As a long-time programming hobbyist, I have thought that an ability to code well would be quite helpful for my “day job” as an ergonomics/human factors academic – whether in experimental design, data collection and analysis, or the creation of teaching resources. But, while I have tried to learn a few different languages, I have not yet mastered any of them.
Those who, like me, want to progress from a basic knowledge of coding to more substantive skills in this area are often advised to choose a programming project to motivate their development. That is how, a few years ago, I found myself trying to recreate a simulation of memory retrieval that was described in a widely-cited monograph on human error . The simulation was originally written in Prolog, but had not been published. Using some very rudimentary knowledge of C, I managed to implement part of the simulation, but eventually ran out of inspiration to complete it.
Fast forward to the 2022 Research Software Camp, which brought the opportunity to receive mentoring on this project from a Research Software Engineer.
With the help of my mentor, I have been going back over the previously written code and working it up into a functioning program. Along the way, my mentor has provided me with valuable advice about good coding practice: how to design a program in the first place; how to ensure the code is efficient, reliable, and readable; how to test and debug code; and why it’s a good idea to become acquainted with code libraries. He has also shared his wisdom about the planning and management of a coding project, such as the things that need to be factored into any estimate of the time required. These insights will be helpful if I ever end up doing something that is larger in scale in the future!
Lessons learned and next steps
So, what are my takeaways from this experience? One is that it pays to plan out your project in high-level terms. What would you like it to do, and how will you make sure that the code does what you need it to? Pseudocode and data flow diagrams (both of which I had vague memories of from A-level Computing) are quite useful exercises here. But another point to consider is that coding is an art as well as a science. Implementing your code – creating the functions, data structures, and algorithms that make it up – presents you with a few choices and trade-offs. Do you want your code to be easy to understand? To be easy to modify? To read nicely? To run efficiently? Or just to work? Do you want to do it all your own way or reuse code that others have already created for the same task? What can you do given the time and resources that you have?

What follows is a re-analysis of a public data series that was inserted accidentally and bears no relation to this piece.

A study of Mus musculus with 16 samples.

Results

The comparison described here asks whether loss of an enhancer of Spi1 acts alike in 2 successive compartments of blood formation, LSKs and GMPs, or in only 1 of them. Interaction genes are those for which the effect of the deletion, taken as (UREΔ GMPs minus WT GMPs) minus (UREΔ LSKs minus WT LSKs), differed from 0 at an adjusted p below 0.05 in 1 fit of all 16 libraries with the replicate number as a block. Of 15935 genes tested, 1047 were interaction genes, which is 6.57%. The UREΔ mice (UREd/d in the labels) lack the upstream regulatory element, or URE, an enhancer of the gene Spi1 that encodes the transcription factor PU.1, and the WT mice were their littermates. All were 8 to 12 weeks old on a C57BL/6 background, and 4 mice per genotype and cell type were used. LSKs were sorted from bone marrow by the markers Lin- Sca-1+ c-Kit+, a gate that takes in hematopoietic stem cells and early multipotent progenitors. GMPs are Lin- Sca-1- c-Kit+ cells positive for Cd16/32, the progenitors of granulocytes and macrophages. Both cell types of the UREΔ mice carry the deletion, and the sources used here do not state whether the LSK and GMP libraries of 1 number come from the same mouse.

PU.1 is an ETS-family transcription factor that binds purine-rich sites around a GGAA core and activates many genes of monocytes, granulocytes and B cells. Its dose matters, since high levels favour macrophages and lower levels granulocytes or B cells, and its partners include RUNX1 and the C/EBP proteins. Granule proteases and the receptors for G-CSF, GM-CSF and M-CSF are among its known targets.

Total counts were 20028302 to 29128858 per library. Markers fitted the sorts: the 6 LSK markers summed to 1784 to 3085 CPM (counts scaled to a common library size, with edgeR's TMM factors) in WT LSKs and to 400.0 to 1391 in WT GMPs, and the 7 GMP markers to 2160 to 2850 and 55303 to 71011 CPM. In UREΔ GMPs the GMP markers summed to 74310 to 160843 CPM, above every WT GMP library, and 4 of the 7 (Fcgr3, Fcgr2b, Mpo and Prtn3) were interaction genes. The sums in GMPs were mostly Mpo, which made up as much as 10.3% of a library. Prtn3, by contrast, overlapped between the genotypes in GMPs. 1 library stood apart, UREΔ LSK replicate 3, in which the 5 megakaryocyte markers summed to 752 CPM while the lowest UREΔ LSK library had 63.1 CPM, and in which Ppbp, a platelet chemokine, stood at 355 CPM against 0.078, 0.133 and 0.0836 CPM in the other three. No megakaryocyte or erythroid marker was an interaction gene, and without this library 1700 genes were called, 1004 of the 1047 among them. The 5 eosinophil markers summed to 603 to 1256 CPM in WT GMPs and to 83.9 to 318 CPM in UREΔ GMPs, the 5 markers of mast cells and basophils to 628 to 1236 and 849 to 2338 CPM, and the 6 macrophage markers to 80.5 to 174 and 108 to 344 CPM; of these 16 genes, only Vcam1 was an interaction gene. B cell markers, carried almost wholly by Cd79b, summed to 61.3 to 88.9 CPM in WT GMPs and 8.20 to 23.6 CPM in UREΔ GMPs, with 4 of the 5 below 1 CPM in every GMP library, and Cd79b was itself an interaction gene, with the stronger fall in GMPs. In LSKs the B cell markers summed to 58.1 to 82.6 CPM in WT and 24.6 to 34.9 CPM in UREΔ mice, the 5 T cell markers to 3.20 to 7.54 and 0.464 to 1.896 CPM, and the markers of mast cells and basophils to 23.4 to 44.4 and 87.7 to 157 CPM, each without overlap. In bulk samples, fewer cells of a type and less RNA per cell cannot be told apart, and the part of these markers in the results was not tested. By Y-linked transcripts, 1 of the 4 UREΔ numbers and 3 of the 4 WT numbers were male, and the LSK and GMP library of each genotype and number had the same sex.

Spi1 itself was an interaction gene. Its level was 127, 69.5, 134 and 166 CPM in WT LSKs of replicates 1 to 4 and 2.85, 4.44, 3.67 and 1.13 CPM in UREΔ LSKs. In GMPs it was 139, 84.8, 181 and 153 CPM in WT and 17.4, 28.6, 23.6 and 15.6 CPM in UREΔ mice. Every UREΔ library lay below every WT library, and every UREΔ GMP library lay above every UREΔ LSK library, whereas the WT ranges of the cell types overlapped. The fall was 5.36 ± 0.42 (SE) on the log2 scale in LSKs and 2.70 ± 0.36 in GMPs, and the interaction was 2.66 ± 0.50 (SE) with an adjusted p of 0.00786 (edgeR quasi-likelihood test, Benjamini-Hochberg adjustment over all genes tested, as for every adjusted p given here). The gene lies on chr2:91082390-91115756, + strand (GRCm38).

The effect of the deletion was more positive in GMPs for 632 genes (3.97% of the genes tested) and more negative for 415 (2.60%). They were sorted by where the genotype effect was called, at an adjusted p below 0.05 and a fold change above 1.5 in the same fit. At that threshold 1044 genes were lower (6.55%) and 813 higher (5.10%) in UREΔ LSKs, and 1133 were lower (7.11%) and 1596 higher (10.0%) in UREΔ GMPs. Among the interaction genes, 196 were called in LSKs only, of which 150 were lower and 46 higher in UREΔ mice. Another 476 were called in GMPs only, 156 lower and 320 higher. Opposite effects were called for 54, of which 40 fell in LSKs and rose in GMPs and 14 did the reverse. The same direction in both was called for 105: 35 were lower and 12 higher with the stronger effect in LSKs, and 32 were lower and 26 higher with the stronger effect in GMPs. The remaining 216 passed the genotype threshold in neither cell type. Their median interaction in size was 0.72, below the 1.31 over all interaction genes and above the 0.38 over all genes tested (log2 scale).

One further thing to note: for a few reasons (amongst others, because it was what I had used to start the project) I wrote the program in C. I found this a good learning experience, given that C works at a slightly lower level than more modern languages such as Java and Python, and so gives you an insight into what is happening behind the scenes of those languages. However, it also showed me why I should probably consider something else as a “daily driver”; those other languages take on some important computational work that you would have to sort out yourself if using C. While it might be necessary to do that for certain applications (or just plain fun for those who like that sort of challenge), it incurs a cost in terms of the effort required to get the program working correctly. For the kind of coding projects that I envisage doing, a higher-level language would likely get the job done more efficiently, while C libraries can be borrowed or created when there is a need for them.
So, next on the agenda is to refine my version of the simulation, and then see whether it provides any useful insights for my own research. Whether or not it does, I can take the learning experience into other projects that need a program to be written. My longer-term learning objective is to learn more about other coding topics and languages, such as Python.
Finally, many thanks to my mentor, Bernard Ogden of The National Archives, for his patience and enthusiasm, and being so generous with his own knowledge.
Reason J. Human Error. Cambridge University Press, Cambridge, 1990.